Shueisha has announced that volume one of its Gintama manga has now sold over one million copies. One of the major factor behind the sudden increase in sales was the announcement of a Gintama anime. Volume 17 of Gintama will go on sale in Japan in March.

Source: ANS

According to the preview page on the BJ website, Kei Toume's Sing Yesterday for Me will resume serialization in Business Jump issue 8 (3/15). Sing Yesterday for Me went on hiatus in September of 2006, and many thought the series ended for good due to the announcement message.

topShueisha has announced that its shonen magazine Monthly Shonen Jump will cease publication as of the July issue, on sale June 6th. According to Shueisha, the suspension is due to Monthly Jump's declining sales, which have dropped 30% since its peak.

Also, Shueisha's Public Relations Department stated that a new magazine is currently being planned to replace Monthly Shonen Jump: "We plan on creating a new magazine that is more in tune with the times, tentatively slated for a launch this fall."

Monthly Shonen Jump was launched in December of 1969 as a sister magazine of Weekly Shonen Jump. In 1989, the magazine's circulation reached 1,400,000, while last year only 420,000 copies were printed. Series serialized in Monthly Shonen Jump include Claymore by Norihiro Yagi, Beet the Vandel Buster by Riki Sanjo & Koji Inada, Captain by Akio Chiba, Mahou Tsukai Kurohime, and more. There has been no announcement regarding the future of manga currently serialized in Monthly Shonen Jump.

Source: Yahoo! Japan

Controller M&Y by Akira Akatsuki, which began in Weekly Shonen Jump issue 2 in early 2007, will end in Shonen Jump issue 13.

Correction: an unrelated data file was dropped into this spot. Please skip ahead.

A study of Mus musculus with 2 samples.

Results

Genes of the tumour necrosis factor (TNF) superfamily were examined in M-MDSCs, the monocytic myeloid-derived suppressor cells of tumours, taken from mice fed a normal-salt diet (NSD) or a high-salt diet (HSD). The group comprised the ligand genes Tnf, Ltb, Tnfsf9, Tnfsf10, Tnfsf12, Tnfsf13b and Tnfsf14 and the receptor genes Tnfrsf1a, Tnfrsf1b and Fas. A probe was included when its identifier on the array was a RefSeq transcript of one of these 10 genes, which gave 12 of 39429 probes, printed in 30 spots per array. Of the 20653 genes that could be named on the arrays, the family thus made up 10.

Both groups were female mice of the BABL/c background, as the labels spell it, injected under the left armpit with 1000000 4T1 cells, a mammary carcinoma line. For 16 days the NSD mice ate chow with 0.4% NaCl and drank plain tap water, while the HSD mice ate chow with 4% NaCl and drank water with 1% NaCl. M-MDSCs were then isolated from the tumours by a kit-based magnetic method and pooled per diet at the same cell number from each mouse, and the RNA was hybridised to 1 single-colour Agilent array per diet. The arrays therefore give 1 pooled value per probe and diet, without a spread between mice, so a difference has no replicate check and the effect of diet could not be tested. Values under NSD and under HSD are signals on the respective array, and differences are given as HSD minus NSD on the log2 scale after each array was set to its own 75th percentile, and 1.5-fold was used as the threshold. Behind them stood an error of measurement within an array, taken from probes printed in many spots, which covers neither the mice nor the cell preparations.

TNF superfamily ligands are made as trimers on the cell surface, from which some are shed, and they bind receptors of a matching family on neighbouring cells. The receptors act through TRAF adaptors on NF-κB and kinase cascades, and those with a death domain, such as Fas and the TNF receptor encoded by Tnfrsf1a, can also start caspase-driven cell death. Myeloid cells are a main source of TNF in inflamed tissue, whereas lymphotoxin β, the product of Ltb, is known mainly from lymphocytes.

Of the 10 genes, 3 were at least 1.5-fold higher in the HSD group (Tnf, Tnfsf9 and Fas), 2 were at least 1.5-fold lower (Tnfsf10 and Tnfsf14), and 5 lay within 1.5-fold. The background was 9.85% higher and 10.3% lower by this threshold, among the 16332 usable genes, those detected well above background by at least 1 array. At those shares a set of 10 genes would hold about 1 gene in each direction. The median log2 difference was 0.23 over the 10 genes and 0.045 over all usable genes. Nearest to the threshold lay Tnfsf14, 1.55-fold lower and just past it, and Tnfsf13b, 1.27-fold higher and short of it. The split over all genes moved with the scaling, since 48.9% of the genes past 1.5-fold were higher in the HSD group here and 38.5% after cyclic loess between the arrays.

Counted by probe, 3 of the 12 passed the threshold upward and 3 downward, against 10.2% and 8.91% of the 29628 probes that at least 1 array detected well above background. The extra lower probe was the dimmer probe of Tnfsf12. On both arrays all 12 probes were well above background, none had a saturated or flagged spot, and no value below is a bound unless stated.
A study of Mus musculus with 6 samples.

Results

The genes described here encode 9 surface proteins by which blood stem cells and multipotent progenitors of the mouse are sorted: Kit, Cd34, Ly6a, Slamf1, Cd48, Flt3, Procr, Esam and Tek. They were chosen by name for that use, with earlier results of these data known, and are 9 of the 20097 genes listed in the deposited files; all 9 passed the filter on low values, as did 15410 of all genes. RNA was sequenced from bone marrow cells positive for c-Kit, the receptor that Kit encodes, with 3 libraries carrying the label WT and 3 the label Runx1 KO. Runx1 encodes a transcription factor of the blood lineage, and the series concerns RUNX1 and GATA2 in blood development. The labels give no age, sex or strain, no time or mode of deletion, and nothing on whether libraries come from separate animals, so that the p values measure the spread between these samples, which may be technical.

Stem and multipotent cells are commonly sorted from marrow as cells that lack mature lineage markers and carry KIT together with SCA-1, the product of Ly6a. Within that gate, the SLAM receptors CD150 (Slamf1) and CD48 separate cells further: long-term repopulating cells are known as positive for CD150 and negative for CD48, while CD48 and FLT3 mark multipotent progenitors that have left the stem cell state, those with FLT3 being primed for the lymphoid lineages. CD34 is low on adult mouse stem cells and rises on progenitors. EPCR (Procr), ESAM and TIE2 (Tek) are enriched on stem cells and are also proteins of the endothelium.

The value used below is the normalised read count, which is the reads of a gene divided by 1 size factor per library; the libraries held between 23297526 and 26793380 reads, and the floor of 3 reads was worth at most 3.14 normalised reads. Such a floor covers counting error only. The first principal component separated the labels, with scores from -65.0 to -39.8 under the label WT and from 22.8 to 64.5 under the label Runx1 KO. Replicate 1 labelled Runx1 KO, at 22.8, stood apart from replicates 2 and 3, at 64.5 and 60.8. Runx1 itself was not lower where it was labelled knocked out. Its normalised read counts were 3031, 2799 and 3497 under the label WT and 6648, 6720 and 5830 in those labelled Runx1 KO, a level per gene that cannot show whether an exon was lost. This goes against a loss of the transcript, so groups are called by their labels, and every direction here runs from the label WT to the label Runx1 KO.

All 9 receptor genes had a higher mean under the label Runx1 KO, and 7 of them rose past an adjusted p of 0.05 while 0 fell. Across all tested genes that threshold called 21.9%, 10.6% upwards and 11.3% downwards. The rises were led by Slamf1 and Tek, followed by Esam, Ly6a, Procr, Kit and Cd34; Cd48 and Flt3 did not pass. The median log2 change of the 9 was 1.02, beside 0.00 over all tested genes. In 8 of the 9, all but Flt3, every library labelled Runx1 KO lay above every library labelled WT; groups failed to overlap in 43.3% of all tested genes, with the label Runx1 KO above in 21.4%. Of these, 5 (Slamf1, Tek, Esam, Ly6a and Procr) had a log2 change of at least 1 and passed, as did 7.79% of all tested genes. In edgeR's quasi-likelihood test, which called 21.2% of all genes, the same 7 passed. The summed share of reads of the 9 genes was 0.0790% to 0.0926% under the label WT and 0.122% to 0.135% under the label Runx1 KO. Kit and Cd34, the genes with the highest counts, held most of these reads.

Also, two new series are set to begin serialization in Shonen Jump issue 14 and 15:

Issue 14 (3/5): Samurai Usagi by Fukushima Teppei
Issue 15 (3/12): Volley Ball Tsukai by Takahashi Ichirou

Source: Ultimatum - Talk

topGokusen, a popular josei manga by Kozueko Morimoto, will be ending in YOU No.5, on sale 2/15.

Gokusen follows the story of Yamaguchi Kumiko, the granddaughter of a Yakuza boss, who tries to become a high school teacher. The manga was adapted into a drama in 2002, and later an anime series in 2004.

topJapanese fans recently pointed out similarities between Rin Yoshii's manga Switch and photographs from the November 06 issue of the fashion magazine Sweet. This week the editorial department of Cookie (the magazine Switch is serialized in) sent out a letter confirming the plagiarism. As a result Switch will be dropped from Cookie, Rin Yoshii's two other series, Kurabeyou mo Nai Hodo ni (So Incomparable) and silent summer snow, will also be temporarily suspended to be checked for possible plagiarized content.

The images in question appeared in 2007 Issue 1 of Shueisha's Cookie magazine, some comparison can be seen here:

[ Original Image ] [ Switch Image ]
[ Comparison 1 ] [ Comparison 2 ] [ Comparison 3 ] [ Comparison 4 ]

The apology letter from the Cookie Editorial Department:


topThe latest issue of Shueisha's Akamaru Jump came with the To-LOVE-Ru Winter Art, a collection of To-LOVE-Ru illustrations on double-leaved pages. However, one of the artwork seems to have been deliberately altered.

The picture in question is a spread scene with Lala and Haruna taking a bath together, with a tremendous amount of bubbles are covering their bodies, to the extent that only their faces can be seen. The illustration is published in a very artificial condition.

To quote some of To-LOVE-Ru creator Kentaro Yabuki's comment at the back of Weekly Shonen Jump:


In early 2006, a Japanese blog published an article (the entry was taken down, but a Chinese version can be found here) about a 24-page one-shot called The Miraculous Notebook (不思議な手帖) by Shigeru Mizuki, which was published in the magazine Comic Mystery in 1973. The story of the one-shot revolves around a magical notebook: when a person's name is written on that notebook, the said person dies. Sounds familiar? Below is a summary (with some pictures) of the one-shot:


Part 1 of the article introduces the readers to the term "fujoshi," and provides an overview of the situation. In Part 2, the article takes a closer look at the impact of the fujoshi audience on Shonen Jump.

[The Turning Point of Shonen Jump]

Shonen Jump experienced a turning point during the serialization of The Prince of Tennis by Takeshi Konomi.